With the current administration at the helm, everyone expects plenty of change to happen, particularly in financial regulation and the lending industry. In a brief titled “Financial Regulation in the Era of Donald Trump” for Indiana State University Networks Financial Institute, Chris Whalen states that the passage of the 2010 Dodd-Frank law and the regulations and legal undertakings that followed it put the U.S. financial sector under the greatest constraints since the Great Depression.

“In the aftermath of the 2008 financial crisis, the focus of politicians in both parties was to punish banks and other financial services companies for a variety of offenses, real and imagined,” says Whalen. “In many respects, the provisions of the Dodd-Frank law were designed to chastise banks and other companies for perceived wrong doing, especially abuses of consumers.”

The question now is how will Trump administration deal with financial regulation, and where does financial regulation rank on the list of priorities?

A challenge that will need to be addressed is the problem of “too big to fail.” . Whalen notes that the aftermath of the bailouts caused widespread anger. This anger increased dramatically in the following foreclosure crisis.

“Meanwhile, virtually no executives of the major U.S. banks and financial institutions were subject to legal sanctions for acts of financial fraud and malfeasance,” Whalen says. “Instead the victims of the 2008 crisis–namely the shareholders of the largest financial institutions–have been repeatedly punished via fines and lopsided legal settlements.”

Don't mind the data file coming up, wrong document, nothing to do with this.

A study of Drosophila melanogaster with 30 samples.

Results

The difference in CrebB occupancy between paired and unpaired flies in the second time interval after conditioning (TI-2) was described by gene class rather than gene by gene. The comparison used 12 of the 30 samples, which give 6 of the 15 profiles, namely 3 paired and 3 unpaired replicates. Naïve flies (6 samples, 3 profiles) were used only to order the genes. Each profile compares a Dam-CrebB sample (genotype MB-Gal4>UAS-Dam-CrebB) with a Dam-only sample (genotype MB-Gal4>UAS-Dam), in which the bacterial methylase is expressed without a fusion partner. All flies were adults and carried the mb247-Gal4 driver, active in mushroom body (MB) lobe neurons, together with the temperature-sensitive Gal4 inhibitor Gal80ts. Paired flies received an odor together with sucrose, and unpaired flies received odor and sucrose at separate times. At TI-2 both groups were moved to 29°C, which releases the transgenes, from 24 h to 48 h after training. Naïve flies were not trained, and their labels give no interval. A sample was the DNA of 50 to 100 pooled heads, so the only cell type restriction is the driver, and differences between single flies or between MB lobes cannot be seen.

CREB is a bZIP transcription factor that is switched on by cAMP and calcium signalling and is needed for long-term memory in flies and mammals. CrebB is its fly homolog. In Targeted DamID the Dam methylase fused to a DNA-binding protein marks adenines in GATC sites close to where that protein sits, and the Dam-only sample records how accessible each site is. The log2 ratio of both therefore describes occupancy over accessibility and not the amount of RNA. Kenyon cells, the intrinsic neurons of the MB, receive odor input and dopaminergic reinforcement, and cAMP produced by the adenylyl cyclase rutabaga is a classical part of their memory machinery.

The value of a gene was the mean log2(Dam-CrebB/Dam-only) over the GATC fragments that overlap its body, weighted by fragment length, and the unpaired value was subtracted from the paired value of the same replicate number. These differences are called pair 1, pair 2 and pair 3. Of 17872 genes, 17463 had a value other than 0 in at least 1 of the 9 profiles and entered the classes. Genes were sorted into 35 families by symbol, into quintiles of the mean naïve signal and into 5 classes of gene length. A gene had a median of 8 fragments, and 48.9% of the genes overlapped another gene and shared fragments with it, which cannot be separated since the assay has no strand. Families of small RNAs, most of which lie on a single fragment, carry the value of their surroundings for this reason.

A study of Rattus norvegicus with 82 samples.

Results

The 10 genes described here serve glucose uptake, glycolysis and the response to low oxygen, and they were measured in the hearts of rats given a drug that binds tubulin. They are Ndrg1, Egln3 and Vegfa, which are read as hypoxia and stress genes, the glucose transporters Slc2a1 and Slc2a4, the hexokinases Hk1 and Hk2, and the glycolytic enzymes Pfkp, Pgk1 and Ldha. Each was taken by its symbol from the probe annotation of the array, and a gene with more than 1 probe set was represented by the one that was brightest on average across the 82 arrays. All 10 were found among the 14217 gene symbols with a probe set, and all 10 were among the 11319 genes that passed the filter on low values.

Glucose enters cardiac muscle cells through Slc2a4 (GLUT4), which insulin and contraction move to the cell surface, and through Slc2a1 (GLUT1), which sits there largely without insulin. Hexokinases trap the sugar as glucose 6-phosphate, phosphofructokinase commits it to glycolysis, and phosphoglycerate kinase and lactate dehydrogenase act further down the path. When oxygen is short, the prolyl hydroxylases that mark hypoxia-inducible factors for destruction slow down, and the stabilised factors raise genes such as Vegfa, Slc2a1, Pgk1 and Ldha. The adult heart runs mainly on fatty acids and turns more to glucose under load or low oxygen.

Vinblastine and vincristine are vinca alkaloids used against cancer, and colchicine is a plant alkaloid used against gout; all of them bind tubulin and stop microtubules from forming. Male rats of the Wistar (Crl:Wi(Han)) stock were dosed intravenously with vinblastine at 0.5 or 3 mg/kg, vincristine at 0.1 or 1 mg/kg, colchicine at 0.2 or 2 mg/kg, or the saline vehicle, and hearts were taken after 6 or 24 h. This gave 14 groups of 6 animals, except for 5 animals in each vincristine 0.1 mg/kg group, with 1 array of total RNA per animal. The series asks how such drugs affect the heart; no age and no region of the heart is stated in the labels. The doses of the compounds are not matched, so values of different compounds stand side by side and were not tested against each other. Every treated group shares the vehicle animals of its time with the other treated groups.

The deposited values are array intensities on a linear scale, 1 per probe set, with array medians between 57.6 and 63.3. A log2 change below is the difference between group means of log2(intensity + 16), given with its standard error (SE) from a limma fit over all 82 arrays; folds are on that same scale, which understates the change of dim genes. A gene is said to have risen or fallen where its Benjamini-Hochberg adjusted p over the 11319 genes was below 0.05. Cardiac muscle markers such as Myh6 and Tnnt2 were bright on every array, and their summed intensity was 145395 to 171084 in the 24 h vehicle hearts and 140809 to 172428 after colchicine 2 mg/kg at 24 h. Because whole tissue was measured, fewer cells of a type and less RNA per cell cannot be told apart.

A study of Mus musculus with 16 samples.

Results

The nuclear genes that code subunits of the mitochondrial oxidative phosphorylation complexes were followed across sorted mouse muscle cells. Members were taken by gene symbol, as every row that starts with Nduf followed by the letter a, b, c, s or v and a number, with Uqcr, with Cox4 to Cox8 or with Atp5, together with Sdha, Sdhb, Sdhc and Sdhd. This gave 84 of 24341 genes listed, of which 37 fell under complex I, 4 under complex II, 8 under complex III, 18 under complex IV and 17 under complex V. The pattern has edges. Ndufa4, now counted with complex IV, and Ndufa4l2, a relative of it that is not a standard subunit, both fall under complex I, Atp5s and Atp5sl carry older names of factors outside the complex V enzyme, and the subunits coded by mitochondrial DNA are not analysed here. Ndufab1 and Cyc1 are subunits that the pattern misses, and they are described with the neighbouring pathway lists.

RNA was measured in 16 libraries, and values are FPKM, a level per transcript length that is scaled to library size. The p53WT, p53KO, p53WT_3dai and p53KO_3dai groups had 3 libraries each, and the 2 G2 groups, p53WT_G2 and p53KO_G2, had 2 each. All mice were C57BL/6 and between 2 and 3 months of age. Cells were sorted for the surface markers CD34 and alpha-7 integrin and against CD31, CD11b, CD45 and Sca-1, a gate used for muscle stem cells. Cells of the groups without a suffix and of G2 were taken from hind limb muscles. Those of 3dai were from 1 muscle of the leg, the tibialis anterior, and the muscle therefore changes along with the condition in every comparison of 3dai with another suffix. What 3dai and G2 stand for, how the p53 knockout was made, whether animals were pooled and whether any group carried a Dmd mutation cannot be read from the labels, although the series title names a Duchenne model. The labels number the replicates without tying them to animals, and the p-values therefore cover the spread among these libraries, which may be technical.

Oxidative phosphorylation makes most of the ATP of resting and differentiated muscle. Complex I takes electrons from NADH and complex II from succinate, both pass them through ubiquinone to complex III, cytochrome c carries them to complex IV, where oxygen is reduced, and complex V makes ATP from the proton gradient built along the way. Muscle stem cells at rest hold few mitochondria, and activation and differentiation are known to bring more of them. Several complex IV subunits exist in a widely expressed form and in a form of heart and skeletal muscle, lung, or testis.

Regulatory entities are already high-priority targets for President Trump, most notably the Consumer Financial Protection Bureau (CFPB). The president’s team has indicated support of the Financial Choice Act, which, among other things, would modify aspects of Dodd-Frank. The Choice Act would help to reform the CFPB, which, according to Whalen, “has been especially harmful to the mortgage industry and has caused the cost of servicing a mortgage to rise several fold since 2008.”

Additionally, the Choice Act would give regional and community banks a way to avoid most aspects of Dodd-Frank regulations, and a policy of bankruptcy not bailouts, which would force big bank’s parent companies to file bankruptcy and restructure, instead of the current Dodd-Frank policy which allows for bailouts.

“Some or all of the provisions of the Financial Choice Act could eventually become law. A modified version of legislation could be made palatable to both parties in the Senate and, despite Democratic opposition, could become law far more easily than either a tax reform bill or ACA reform,” Whalen concludes. “There are a number of other issues that may catch the attention of the new President next year, but an amended version of the Financial Choice Act has the highest probability of success in 2017. Needless to say, the financial services industry including banks, insurers and nonbank financial institutions will be very supportive of passage of some form of the Financial Choice Act.”